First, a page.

Holiday Traditions Are Varied Among a More Diverse Cinnaminson Community

Emma Passey , Editor in Chief

With the holidays rapidly approaching, students at CHS are beginning to participate and prepare for their different holiday traditions. Because of Cinnaminson’s diverse student population, there are a variety of different customs around the Christmas season.

Sophomore Julia Evans’ family participates in a “Chinese Pollyanna”, which has different rules than a typical Pollyanna. In Chinese Pollyanna, everyone brings a wrapped gift along to the Christmas party. Each person picks a number out of a hat, and whoever gets the first number gets the first pick and it goes on vice versa. Any person can “steal” a gift from any person who picked before them, and if your gift gets stolen then you get a chance to choose at the end of everyone picking.

Jack Conville, a senior, shared that he and his family wear pajamas to his aunt’s house on Christmas. Other seniors, such as Miranda Rooney, also participate in pajama centered-traditions, in which her and her cousins all get matching pajamas to wear on Christmas Eve.

Ayushi Patel, also a senior, explained that her “family does not religiously celebrate Christmas, and [her] parents only started celebrating Christmas when they came to America from India”. The only tradition her family has acquired over the years of celebrating a new holiday is having all of their relatives that live close over for a party on Christmas. Typically, only Christian families celebrate Christmas, but many people who follow other religions and live in America celebrate it as it is such a widely celebrated holiday in our country. In countries where Christianity is not the primary religion, however, such as India, Christmas is not as widely celebrated and acknowledged.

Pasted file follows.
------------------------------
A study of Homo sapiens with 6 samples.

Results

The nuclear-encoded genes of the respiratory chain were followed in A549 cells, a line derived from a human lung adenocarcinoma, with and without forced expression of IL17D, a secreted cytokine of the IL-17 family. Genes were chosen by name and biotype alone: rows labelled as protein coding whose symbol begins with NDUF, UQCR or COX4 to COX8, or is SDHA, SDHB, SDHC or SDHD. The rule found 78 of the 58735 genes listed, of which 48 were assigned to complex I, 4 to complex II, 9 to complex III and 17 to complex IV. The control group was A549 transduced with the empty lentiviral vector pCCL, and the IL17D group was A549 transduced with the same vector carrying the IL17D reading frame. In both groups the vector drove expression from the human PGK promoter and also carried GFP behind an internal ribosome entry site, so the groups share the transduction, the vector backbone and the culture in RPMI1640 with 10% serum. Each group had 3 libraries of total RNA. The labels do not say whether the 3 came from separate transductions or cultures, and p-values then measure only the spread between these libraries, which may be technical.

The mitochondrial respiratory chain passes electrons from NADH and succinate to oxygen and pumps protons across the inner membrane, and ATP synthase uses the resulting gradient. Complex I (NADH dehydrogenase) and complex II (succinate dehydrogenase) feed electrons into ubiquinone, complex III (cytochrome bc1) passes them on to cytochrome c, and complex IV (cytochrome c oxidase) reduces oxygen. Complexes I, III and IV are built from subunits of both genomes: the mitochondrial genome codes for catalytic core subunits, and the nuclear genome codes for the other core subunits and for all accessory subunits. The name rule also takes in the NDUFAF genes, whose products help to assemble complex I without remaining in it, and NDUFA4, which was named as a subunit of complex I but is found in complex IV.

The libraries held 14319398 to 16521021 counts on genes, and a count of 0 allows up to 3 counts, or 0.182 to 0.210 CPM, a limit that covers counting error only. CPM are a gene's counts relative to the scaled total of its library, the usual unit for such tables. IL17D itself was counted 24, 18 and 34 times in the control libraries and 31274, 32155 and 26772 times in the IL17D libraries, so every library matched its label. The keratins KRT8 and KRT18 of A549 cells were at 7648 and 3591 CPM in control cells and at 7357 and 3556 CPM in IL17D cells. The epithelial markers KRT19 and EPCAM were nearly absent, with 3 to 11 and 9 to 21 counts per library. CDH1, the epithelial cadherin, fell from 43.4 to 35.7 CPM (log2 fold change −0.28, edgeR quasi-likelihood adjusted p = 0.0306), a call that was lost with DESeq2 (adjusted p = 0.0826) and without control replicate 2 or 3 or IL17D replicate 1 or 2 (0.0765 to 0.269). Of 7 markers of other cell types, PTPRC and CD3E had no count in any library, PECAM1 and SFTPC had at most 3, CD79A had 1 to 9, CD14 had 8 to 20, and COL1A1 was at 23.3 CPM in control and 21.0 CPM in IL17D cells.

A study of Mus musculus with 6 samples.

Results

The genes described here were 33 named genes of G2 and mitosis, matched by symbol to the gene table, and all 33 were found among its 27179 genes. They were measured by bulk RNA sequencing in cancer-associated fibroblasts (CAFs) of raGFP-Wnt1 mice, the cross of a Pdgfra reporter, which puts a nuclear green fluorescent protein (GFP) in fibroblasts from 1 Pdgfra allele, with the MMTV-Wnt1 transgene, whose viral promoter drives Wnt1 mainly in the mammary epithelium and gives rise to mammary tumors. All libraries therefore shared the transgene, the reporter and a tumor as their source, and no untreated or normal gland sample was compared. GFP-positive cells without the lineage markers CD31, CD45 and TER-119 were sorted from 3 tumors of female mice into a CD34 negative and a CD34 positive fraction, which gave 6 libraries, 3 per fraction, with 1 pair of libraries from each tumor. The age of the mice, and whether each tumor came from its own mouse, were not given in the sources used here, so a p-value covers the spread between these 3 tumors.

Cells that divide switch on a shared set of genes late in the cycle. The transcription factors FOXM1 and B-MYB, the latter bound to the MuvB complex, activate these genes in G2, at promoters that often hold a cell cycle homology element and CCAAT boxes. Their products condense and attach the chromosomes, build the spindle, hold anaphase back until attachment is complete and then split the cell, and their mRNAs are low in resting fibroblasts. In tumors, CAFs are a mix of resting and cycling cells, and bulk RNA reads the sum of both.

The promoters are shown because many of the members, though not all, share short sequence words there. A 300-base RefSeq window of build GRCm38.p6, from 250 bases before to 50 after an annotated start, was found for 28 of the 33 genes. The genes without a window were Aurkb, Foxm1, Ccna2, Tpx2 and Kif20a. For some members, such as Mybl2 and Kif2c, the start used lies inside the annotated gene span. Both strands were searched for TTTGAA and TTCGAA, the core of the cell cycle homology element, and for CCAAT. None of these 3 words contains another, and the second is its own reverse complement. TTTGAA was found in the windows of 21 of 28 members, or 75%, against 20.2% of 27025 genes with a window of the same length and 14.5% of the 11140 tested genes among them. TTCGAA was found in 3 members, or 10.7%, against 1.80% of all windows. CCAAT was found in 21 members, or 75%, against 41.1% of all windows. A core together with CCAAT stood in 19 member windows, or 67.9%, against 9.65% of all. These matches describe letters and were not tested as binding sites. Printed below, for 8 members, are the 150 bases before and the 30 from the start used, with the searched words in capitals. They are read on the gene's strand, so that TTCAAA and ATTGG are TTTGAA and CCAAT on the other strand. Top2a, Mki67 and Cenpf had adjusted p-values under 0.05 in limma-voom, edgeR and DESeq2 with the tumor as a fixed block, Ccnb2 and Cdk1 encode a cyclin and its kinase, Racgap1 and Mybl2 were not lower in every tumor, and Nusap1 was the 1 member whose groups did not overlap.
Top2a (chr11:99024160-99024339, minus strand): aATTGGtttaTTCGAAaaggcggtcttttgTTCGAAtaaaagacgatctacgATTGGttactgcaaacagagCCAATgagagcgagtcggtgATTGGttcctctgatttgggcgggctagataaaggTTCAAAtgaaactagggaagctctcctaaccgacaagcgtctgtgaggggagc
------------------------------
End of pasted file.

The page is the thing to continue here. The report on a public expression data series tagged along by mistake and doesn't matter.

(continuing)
Members of both the students and faculty participate in the Seven Fishes tradition, which is typically an Italian tradition that is followed on Christmas Eve. Mrs. Hamilton, the guidance secretary, has been doing the “7 Fishes” her entire life, and has made it something that her children will also follow in for years to come. The “7 Fishes” is a meal that consists of seven different seafood meals, but some families have increased it to nine, ten, or eleven dishes.

Mrs. Hamilton said that she “typically has her entire family over, as well as some close family friends that bring with them their own traditions for them to participate in”.

Having a parent from a foreign country brings with it new traditions that not everyone can relate to or understand. My dad is from England, so every Christmas Eve and Christmas we do Christmas crackers, which are cardboard paper tubes, wrapped in brightly colored paper and twisted at both ends. There is a banger inside the cracker, two strips of chemically altered paper that react with friction so that when the cracker is pulled apart by two people, the cracker makes a bang. Inside the cracker are typically little toys, and then a paper crown that everyone wears. Also, the day after Christmas in an English household is celebrated as Boxing Day, which usually entails families and friends getting together and watching soccer for the night because Boxing Day is the biggest day of the year for soccer games in England.

Students at Cinnaminson High School participate in an exorbitant number of holiday traditions, and whether it be little traditions such as matching pajamas or more prominent traditions like the “7 Fishes,” each family has their own tradition they will be doing this holiday season.